How To Use This Site




How To Use This Site


This blog was updated on a daily basis for about two years, with those daily entries ceasing on December 31, 2013. The blog is still active, however, and we hope that people stopping in, who find something lacking, will add to the daily entries.

The blog still receives new posts as well, but now it receives them on items of Wyoming history. That has always been a feature of the blog, but Wyoming's history is rich and there are many items that are not fully covered here, if covered at all. Over time, we hope to remedy that.

You can obtain an entire month's listings by hitting on the appropriate month below, or an individual day by hitting on that calendar date.

We hope you enjoy this site.

Thursday, April 4, 2013

April 4

1842  Wyoming County, Pennsylvania, created through the severing of territory from Luzerne County, Pennsylvania.

1861   Colonel Robert Reily a meeting in his home to name what would become Wyoming, Ohio.

1872  Wyoming Stock Growers Association officially organized.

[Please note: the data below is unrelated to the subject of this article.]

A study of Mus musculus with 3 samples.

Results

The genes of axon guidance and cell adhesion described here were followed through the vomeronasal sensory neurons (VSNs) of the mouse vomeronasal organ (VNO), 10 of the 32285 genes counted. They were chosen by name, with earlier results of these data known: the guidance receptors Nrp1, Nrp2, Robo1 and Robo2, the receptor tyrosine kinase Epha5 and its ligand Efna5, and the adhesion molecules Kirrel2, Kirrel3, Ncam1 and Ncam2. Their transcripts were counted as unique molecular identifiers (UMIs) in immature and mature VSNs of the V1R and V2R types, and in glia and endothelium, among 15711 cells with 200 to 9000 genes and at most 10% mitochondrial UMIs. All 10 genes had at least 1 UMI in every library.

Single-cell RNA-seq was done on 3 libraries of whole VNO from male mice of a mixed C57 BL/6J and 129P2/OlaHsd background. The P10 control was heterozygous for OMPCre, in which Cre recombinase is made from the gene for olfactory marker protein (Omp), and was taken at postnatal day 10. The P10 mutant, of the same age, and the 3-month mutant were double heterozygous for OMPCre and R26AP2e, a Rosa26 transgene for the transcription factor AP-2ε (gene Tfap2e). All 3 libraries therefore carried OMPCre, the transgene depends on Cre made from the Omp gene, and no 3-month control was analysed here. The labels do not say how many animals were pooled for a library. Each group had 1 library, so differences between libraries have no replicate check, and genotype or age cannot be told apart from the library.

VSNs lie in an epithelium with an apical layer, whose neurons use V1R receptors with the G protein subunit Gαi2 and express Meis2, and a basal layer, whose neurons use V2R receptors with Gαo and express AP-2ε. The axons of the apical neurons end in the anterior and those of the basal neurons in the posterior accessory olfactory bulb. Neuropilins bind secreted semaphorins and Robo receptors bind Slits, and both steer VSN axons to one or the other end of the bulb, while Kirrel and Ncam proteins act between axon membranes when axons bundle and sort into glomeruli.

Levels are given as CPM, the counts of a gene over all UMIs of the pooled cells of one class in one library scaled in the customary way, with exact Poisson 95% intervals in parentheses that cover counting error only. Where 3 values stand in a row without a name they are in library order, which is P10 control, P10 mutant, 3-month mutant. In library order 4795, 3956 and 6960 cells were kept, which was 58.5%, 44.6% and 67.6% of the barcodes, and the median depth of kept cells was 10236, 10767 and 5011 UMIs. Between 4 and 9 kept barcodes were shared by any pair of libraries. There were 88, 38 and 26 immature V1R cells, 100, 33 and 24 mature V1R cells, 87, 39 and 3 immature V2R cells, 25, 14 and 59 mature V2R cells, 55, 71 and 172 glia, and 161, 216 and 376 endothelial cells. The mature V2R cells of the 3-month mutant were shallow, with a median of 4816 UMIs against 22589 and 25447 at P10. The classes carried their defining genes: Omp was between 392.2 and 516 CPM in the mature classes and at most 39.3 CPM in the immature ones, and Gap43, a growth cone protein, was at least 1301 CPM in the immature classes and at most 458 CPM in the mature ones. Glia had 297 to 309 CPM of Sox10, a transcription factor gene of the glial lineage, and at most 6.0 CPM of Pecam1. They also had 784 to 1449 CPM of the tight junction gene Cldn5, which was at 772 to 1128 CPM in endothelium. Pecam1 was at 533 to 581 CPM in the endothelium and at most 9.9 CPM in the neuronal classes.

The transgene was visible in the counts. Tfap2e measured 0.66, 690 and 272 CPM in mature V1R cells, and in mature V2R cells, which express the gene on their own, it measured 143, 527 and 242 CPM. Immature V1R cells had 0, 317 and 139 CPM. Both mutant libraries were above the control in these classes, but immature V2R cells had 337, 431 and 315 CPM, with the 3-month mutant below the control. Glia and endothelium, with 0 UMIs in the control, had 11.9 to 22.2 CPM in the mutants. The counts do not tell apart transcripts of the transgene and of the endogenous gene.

1892  Wyoming Stock Growers Association annual meeting concludes.

1905  This stage stop at Muddy Home photographed.

As was this post office at Ft. Washakie.

1906  Worland incorporated.  Attribution:  Wyoming State Historical Society.

1916  Bill Carlisle robs passengers on the UP's Overland Limited as it traveled between Laramie and Cheyenne.  Attribution:  Wyoming State Historical Society.

1916   Joseph Fallis of Rock Springs granted a patent for a article carrier.

1916   The Punitive Expedition: The Wyoming Tribune, April 4, 1916
 


We're looking at, I think, a morning newspaper now.  The Wyoming newspaper archive lacked the public domain copy Casper evening paper I was posting for 1916, but it will be back tomorrow night.

The interesting thing here is that quite a few Wyoming papers for this date, including a Casper morning paper, do not have Punitive Expedition entries for this date.  I was curious of the story was just off the front page, but they're also smaller papers that may have simply been running all local news.

Also of interest is the cartoon on the price of gasoline.  Obviously it must have been of real concern to make the front page, but it's something we don't think much about, in the context of 1916, now.  That gasoline would be expensive in the context of a world war is not surprising.
1933  Graduate engineering courses at the University of Wyoming suspended as a result of the Great Depression.  Attribution:  Wyoming State Historical Society.

1955 39 inches of snow fell in Sheridan. Attribution:  Wyoming State Historical Society.